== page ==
Civil society actors around the world are grappling with competition between values systems. Rising geopolitical tensions affect international civil society and its role in this shifting global order.
The mismatch between how the EU perceives its international role and how it is viewed abroad is glaring at times. Whereas the union sees itself as a champion of multilateralism and a generous donor, those in the Global South frequently criticize the EU as being hypocritical, self-serving, and post-colonial.
Climate-vulnerable countries delivered an extraordinary COP against all odds. The EU’s support for their leadership and astute negotiation tactics also contributed to making Sharm El-Sheikh more successful than meets the eye.
Countries around the world are struggling to bridge the gap between citizens and political elites. Innovative practices outside the West, while far from ideal, should be considered in debates about democratic renewal in Europe.
Kenya’s electoral process and democratic progress offer lessons for other countries in the Horn of Africa. However, further reforms are needed to strengthen the judiciary, enhance women’s political representation, and support civic spaces.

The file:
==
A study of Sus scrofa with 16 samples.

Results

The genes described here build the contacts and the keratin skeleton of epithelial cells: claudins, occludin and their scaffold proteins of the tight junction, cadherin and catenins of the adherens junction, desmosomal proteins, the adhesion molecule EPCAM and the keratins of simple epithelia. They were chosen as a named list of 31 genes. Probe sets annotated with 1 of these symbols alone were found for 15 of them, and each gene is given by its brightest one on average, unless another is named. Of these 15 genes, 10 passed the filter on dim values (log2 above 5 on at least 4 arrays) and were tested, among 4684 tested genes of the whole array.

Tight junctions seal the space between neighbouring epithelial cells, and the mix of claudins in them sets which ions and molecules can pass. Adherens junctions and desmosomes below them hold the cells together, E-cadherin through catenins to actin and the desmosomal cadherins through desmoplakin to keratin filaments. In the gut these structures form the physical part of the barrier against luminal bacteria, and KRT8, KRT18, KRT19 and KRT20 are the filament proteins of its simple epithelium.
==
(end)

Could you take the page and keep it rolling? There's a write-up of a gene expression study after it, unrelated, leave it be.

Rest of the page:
The promotion of the rule of law across borders should be implemented based on clear and objective standards, and distinguished from state-building exercises.
Democracy support organizations are struggling to maintain operations in states with hostile environments. They need to reassess their approach in such countries and seek to address the political drivers of repression.
In this era of geopolitical competition, Europe believes it offers an approach based upon multilateralism and international solidarity. To convince others of this viable alternative, Europe must better understand perceptions in the Global South and improve its own international standing.
Innovative forms of deliberative and participatory democracy from outside the West can inspire reform in European states.